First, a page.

A peril of writing on economics and finance is that friends from Outside who visit you on their summer holidays tend to gather around the campfire, crack open a beer, and ask questions like, “How do incomes and the cost of living in Whitehorse compare to Vancouver?”
Fortunately, the kind souls at the Yukon Bureau of Statistics put out their much awaited (by me, anyway) annual Yukon Statistical Review the day before the Canada Day long weekend.
It’s an interesting question that highlights some commonly held, but not always accurate, beliefs about the Yukon. Regular tourists may think we live in igloos and get chased by polar bears, but visiting econometricians seem to think we are poor and pay a lot for breakfast cereal.
The average weekly earnings in the Yukon in 2016 were $1,053.75. That’s 10 per cent higher than the national average. It’s also better than all the provinces except oil-rich Alberta, which clocks in at $1,118.57. The next two provinces in line after the Yukon, Newfoundland and Saskatchewan, also have big energy industries.
The Yukon doesn’t have much oil and gas production at the moment, but we’ve hit a gusher of another kind: transfer payments. As of December 2016, the sector with the highest average weekly earnings was public administration. Workers in this sector took home $1,344.25 on average, almost 30 per cent higher than the overall Yukon average.
Yukoners in the accommodation and food services industry, at the other end of the scale, earned $448.12 per week on average.
Income inequality is a big issue these days. If you look at a different source of data based on tax returns, Yukoners turn out to be more closely bunched in the middle of the income distribution than Canada overall. Only 0.9 per cent of taxfilers in the Yukon have total incomes over $200,000 per year, based on Statistics Canada definitions, compared to 1.5 per cent nationally.
Meanwhile, there were about 4,000 Yukoners who filed total incomes below $15,000 in 2016. That is a big number of people with incomes that make it very hard to make ends meet given the cost of living here. In statistical terms they are 14.8 per cent of our population compared to a significantly higher 21.5 per cent across Canada.
So, remembering the big caveat that averages hide a lot of people on low incomes and not all people file tax returns, Yukoners do relatively well compared to the rest of Canada on income.
However, as the denizens of Iqaluit could tell you, a higher wage isn’t much use if prices are higher too. So how much higher is the cost of living in the Yukon than in the provinces?
Contrary to tales from the old days, the cost of day-to-day goods in Whitehorse is not that much higher than Vancouver. Improvements to the Alaska Highway, improved truck performance and the amazingly efficient supply chain practices of outfits like Walmart and Amazon have made a big difference.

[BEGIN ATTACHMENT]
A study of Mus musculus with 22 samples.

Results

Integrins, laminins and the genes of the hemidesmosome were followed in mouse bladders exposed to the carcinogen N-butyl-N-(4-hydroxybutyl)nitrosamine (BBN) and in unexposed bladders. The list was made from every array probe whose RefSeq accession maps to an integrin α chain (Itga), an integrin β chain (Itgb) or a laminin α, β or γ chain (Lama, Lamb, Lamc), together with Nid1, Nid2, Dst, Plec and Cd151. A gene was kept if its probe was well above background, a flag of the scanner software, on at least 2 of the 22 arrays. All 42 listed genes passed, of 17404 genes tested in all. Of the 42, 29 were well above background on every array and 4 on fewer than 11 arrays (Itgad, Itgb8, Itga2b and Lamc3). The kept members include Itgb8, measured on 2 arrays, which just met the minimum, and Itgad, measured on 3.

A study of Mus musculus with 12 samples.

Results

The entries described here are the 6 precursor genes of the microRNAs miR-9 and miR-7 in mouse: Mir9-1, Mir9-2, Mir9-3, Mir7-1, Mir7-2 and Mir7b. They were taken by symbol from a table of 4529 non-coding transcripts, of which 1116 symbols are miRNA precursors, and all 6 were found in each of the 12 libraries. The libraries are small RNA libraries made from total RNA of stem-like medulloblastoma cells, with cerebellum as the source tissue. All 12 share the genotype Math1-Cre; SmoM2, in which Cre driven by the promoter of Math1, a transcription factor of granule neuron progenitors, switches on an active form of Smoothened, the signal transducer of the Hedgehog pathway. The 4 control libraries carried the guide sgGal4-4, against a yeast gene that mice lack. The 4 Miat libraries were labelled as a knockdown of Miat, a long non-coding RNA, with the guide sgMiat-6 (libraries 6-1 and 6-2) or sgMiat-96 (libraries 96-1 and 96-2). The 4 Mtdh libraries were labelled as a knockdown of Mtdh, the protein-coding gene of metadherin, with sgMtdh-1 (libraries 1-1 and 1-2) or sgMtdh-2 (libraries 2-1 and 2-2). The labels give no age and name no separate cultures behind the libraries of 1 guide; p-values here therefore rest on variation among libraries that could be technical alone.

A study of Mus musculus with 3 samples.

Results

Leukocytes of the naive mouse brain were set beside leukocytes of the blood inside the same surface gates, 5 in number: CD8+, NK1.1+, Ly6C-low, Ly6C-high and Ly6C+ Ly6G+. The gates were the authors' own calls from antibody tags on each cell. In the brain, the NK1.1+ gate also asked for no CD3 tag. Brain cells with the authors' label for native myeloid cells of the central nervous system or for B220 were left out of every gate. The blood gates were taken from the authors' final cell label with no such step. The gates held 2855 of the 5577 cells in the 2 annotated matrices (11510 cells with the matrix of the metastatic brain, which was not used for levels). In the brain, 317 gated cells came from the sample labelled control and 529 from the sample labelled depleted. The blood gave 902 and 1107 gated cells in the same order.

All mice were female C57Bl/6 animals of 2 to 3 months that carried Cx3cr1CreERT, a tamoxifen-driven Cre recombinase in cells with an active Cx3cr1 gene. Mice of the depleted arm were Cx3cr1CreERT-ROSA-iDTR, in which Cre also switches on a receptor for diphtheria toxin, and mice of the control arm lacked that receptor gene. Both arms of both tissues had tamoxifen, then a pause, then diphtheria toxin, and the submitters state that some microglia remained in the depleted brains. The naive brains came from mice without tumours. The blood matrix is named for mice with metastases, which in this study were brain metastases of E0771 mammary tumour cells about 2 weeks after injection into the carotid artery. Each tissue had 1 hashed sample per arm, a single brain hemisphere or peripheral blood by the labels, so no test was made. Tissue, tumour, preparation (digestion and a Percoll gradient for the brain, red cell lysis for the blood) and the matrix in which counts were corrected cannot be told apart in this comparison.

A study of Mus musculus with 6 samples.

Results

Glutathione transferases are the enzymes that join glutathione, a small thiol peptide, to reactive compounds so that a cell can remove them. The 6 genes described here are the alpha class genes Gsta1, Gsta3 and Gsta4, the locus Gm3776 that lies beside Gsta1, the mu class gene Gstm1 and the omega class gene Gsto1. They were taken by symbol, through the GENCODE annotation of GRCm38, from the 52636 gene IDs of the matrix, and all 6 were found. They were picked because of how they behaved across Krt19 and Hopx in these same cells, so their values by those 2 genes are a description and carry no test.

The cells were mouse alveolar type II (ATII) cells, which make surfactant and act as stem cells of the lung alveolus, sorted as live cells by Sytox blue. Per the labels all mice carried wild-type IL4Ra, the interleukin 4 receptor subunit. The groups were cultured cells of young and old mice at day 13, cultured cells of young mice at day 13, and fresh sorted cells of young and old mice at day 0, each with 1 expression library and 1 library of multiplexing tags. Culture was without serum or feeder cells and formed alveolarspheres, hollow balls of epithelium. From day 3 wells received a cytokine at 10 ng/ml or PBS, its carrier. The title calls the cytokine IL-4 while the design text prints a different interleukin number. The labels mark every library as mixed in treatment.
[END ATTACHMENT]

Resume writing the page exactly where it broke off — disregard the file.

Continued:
To calculate its isolated post allowance, the federal government calculates a living cost price index based on a basket of typical household goods. In October 2016, Whitehorse was less than 15 per cent more expensive than B.C.’s biggest city. We don’t know exactly how much, since workers in cities below 15 per cent don’t qualify and the details aren’t published.
The communities, on the other hand, are significantly more expensive than Vancouver. Carcross is estimated to be 15-19 per cent more costly, while Old Crow tops the chart at 70-74 per cent harder on the wallet.
The figures above are just for routine household expenses. They don’t include what is probably your biggest expense: housing. While nowhere near Vancouver levels, Whitehorse housing is considerably more expensive than houses in roughly similarly sized towns in central and northern B.C., at least for those who purchased after the surge in prices over the last decade or so.
So if you collect an above-average Yukon salary, shop in Whitehorse, and bought your house before about 2005, you should consider yourself fortunate.
The next campfire question that came up was about taxes.
We don’t have a territorial sales tax, compared to a levy of 6-10 per cent in your typical province, and our gasoline tax is the lowest in the country.
The Yukon income tax rate for someone making the median Yukon income of about $45,000 is 6.4 per cent. For example, the rate for that income level is 7.7 per cent in B.C., 9.15 per cent in Ontario, 10 per cent in Alberta and 16 per cent in Quebec.
I think our campfire chat almost convinced my friend to move here, until he woke up the next day and saw the thermometer on one of our recent “summer” mornings.
Keith Halliday is a Yukon economist and author of the MacBride Museum’s Aurore of the Yukon series of historical children’s adventure novels. He is a Ma Murray award-winner for best columnist.